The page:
The high-bandwidth use of new services such as IP television likely spells the end of ISPs' marketing of so-called unlimited broadband
Time is running out for so-called "unlimited broadband" packages, according to analysts and ISPs.
For some time, many ISPs have been offering users what they call unlimited broadband, although it almost always comes with some kind of "fair usage" cap on downloads. PlusNet has been one of the few providers to buck this trend -- preferring instead to offer packages based on fixed download caps -- and is now warning that the emergence of IP television and the BBC's iPlayer will make it impossible for its rivals to continue marketing their packages as "unlimited".
Neil Armstrong, PlusNet's product and marketing director, said: "2008 will be the year of IPTV." Speaking to silicon.com sister site ZDNet.co.uk, Armstrong said the iPlayer service had "gone from zero per cent of [UK traffic] to five per cent in two months", and this explosion in high-bandwidth usage meant ISPs would have to either explicitly charge for the actual amount of data used by customers or operate at a loss.
YouTube is also believed to provide around 10 per cent of all traffic on the internet -- and if it goes "high-quality", as it is expected to do soon, this figure is likely to go up.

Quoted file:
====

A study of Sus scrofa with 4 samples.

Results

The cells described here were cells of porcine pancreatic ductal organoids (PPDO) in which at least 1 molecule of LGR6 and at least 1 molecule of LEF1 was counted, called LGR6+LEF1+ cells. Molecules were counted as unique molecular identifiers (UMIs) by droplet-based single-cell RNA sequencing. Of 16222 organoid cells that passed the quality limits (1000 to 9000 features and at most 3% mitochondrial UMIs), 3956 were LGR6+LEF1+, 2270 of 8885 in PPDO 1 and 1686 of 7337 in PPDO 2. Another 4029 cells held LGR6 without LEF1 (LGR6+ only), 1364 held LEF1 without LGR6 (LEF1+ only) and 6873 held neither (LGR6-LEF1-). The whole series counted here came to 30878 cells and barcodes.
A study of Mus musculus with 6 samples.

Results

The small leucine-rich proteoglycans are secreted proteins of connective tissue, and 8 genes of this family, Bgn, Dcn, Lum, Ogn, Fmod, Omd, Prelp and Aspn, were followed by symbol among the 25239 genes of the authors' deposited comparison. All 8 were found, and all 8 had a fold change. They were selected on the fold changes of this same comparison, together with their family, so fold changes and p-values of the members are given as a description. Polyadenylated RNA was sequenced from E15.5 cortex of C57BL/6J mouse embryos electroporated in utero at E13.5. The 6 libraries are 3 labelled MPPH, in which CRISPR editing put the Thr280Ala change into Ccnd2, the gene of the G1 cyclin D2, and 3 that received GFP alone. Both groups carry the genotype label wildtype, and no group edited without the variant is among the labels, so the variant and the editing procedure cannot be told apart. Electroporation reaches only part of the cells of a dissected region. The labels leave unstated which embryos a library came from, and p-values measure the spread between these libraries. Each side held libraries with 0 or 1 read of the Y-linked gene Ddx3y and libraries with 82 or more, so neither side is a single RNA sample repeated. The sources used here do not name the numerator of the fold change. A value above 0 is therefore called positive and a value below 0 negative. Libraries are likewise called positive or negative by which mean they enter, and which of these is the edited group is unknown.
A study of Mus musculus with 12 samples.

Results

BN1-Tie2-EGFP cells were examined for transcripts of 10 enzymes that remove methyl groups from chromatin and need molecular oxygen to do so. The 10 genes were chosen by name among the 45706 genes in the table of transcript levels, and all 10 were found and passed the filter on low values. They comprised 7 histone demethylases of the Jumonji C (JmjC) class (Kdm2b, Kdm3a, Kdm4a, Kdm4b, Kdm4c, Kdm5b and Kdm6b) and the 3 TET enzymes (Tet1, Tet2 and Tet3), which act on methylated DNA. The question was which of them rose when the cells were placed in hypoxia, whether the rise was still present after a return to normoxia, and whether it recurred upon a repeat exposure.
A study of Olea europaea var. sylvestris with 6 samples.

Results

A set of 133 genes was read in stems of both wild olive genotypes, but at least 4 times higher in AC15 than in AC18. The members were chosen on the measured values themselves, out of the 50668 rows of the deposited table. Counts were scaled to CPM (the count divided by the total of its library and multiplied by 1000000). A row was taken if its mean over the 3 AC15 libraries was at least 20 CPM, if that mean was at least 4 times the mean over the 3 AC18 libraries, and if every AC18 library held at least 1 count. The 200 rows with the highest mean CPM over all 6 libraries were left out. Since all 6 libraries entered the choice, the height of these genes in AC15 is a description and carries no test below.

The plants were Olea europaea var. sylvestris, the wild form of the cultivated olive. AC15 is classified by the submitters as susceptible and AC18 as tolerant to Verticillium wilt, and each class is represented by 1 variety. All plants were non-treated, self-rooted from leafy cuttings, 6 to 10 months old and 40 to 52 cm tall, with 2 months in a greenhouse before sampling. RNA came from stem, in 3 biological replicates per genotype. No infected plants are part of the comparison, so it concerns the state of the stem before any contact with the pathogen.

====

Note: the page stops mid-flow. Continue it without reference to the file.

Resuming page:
Armstrong said: "Where it's going to be a big problem is ISPs selling unlimited broadband with a 'fair-use' policy. [Users on such packages will] hit that figure and [their] line will slow down, and [they] are going to get a nasty surprise. This is happening right now."
Asked whether this meant those who consider themselves to be "light users" of the internet but now use services such as iPlayer will have to pay more, Armstrong agreed. He said: "Somebody somewhere is going to have to pay, which is why we are very clear about what our products [involve]. It's not just a single-price, all-you-can-eat market any more."
Armstrong added that, while business customers "don't fall for advertising as easily" as consumers might, the increasing prevalence of home-working using home broadband connections meant a change in tariffing could affect some businesses.
He also said increasing consolidation in the broadband market, together with the massive increase in data traffic brought about by consumer video services, would force many small ISPs to go business-only or be swallowed up by larger rivals.
Michael Philpott, principal analyst at Ovum, agreed with PlusNet's views on "unlimited broadband". He said: "[Such offers are likely to disappear] quite soon actually -- I would say within 12 months, simply because you hear it more and more. At conferences where the likes of Tiscali and BT are present, you hear them say these things -- 'We must move to a new tariffing scheme' -- and that tells me they're working hard on this."